New metrics for customer service?
What if engagement = revenue?
An interesting white paper crossed my desk last week, so I thought I'd pass along a few points for discussion purposes.
"The Crossroads of Customer Metrics and Strategy in the Utility Sector: A Case for Alternative Metrics" was written by Jamie Wimberly, CEO of DEFG and EcoAlign, which puts out a regular series of findings in the customer engagement space.
As always, I'd recommend reading the paper itself, but I'll provide the paper's opening setup, then segue to some suggested, alternative metrics.
Customer service is evolving to accommodate changes wrought by smarter grids and "utility industry stakeholders are questioning traditional customer service metrics as indicators of performance," the paper begins.
Under traditional metrics, a utility could be providing excellent customer service, yet see its scores drop due to rising energy prices or storm-related outages—i.e., external factors. Or a utility may sacrifice customer service resources (due to budget constraints, e.g.) without seeing a dip in scores.
Some traditional metrics are at odds with each other, Wimberly argues in the paper. While some metrics focus on speed, others—such as first-contact resolution—may contribute to deepening the customer relationship. Surveys by DEFG have shown that utility customers prefer to spend more time on the phone with a customer service representative than to make repeated calls.
"If utilities cannot impact the outcome, how relevant is the metric?" the paper asked, rhetorically. "There's an expectation that elevated levels of customer engagement will be required to meet regulatory mandates and utility business objectives in the future. Customers are expected to become an integral part of the resource portfolio. Engagement is built and earned through trust. How, then, is trust in the utility to be measured?"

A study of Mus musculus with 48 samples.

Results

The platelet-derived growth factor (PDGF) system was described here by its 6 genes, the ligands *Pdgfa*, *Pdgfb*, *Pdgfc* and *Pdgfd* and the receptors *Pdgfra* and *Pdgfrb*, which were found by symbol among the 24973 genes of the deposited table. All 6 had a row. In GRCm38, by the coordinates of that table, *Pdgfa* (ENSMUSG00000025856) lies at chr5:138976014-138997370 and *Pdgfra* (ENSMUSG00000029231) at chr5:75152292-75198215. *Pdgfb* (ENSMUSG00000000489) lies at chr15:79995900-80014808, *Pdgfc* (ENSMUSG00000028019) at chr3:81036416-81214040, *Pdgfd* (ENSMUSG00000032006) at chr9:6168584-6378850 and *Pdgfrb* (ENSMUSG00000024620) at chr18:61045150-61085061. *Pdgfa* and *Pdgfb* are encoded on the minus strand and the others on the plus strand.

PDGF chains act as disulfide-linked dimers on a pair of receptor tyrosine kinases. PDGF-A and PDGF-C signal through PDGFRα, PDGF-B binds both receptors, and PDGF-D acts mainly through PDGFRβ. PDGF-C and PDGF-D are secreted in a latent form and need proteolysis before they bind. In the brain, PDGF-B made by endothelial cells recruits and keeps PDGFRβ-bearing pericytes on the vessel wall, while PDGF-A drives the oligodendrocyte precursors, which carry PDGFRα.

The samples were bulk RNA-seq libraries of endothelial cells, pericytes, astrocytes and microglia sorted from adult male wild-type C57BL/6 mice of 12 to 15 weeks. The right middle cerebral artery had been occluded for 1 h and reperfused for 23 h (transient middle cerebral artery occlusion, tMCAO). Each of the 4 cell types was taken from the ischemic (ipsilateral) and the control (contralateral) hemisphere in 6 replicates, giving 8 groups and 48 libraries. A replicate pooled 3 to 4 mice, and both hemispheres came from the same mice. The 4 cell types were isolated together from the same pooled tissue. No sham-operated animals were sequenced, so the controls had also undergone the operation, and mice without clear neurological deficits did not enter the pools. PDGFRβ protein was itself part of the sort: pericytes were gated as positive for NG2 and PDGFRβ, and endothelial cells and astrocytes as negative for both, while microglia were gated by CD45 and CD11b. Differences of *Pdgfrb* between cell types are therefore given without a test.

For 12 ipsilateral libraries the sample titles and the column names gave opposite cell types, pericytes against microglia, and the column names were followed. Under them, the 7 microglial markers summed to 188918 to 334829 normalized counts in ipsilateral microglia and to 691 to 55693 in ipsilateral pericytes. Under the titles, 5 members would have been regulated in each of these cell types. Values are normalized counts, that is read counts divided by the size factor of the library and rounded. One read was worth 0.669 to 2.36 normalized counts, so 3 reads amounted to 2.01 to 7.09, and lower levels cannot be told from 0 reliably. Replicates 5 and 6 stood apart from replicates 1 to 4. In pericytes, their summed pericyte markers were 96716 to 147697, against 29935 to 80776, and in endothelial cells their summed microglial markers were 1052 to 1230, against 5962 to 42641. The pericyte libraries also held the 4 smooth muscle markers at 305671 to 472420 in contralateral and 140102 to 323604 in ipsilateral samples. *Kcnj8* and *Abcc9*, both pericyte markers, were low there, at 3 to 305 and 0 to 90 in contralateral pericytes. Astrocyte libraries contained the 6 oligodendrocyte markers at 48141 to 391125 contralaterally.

These are big questions, obviously, and the paper spends a half-dozen pages providing suggested answers. I'll try to capture the flavor of the thinking here.
First, utilities don't have to re-invent the wheel, because the cable television and telecommunications industries have found that customer engagement "begins with accountability, trust and passion (emotional ties), as well as the functional requirements of the interaction."
That said, the paper zeroes in on first contact resolution (FCR) as "becoming the single most important measure." Another metric—a measure of a customer's "ease of doing business"—is gaining ground in the form of a customer effort score or CES.
"In other words," the paper continues "what is the level of effort required to interact/transact with your company?"
While traditional metrics have focused internally on the effectiveness, including cost-effectiveness, of utility efforts at various customer touch points, the new trend focuses on measuring how well one meets customer expectations.
Aligning traditional measures with these new ones could provide utilities with a view of the overall "customer experience," the paper argues—though making that transition may be difficult while utilities "remain rooted in a regulatory structure that treats the utility's customer service costs as operating expenses with limited to no opportunity to earn a return."
"Right time metrics" used in other service sectors are designed to align "the right option with the right customer through the right channel at the right time," the paper continues. "Through this prism, customer metrics need to be more forward-looking, even predictive and tied increasingly to a customer of one rather than the traditional view of treating all customers the same."
So, how would investing time and money on new customer metrics improve customer satisfaction while lowering costs? The paper lists tactical benefits such improved levels of trust, but also fuller use of smart grid and customer-facing assets that drive efficiencies and better visibility into customer behavior with real-time impacts.
Those impacts might be improved predictions of how well customers might respond to, say, a demand response program so as to "measure and predict earnings potential as part of the resource portfolio."
In other words, customer service as a potential revenue-related function as opposed to a cost center, subject only to cost-cutting based on efficiencies.
The potential for developing new metrics for customer satisfaction will rely on four concepts, the paper argues: ease of doing business, performance, trust and transparency. Efforts in those areas may pay dividends as utilities seek to become "trusted energy advisors."
The argument makes a lot of sense to me. How about you?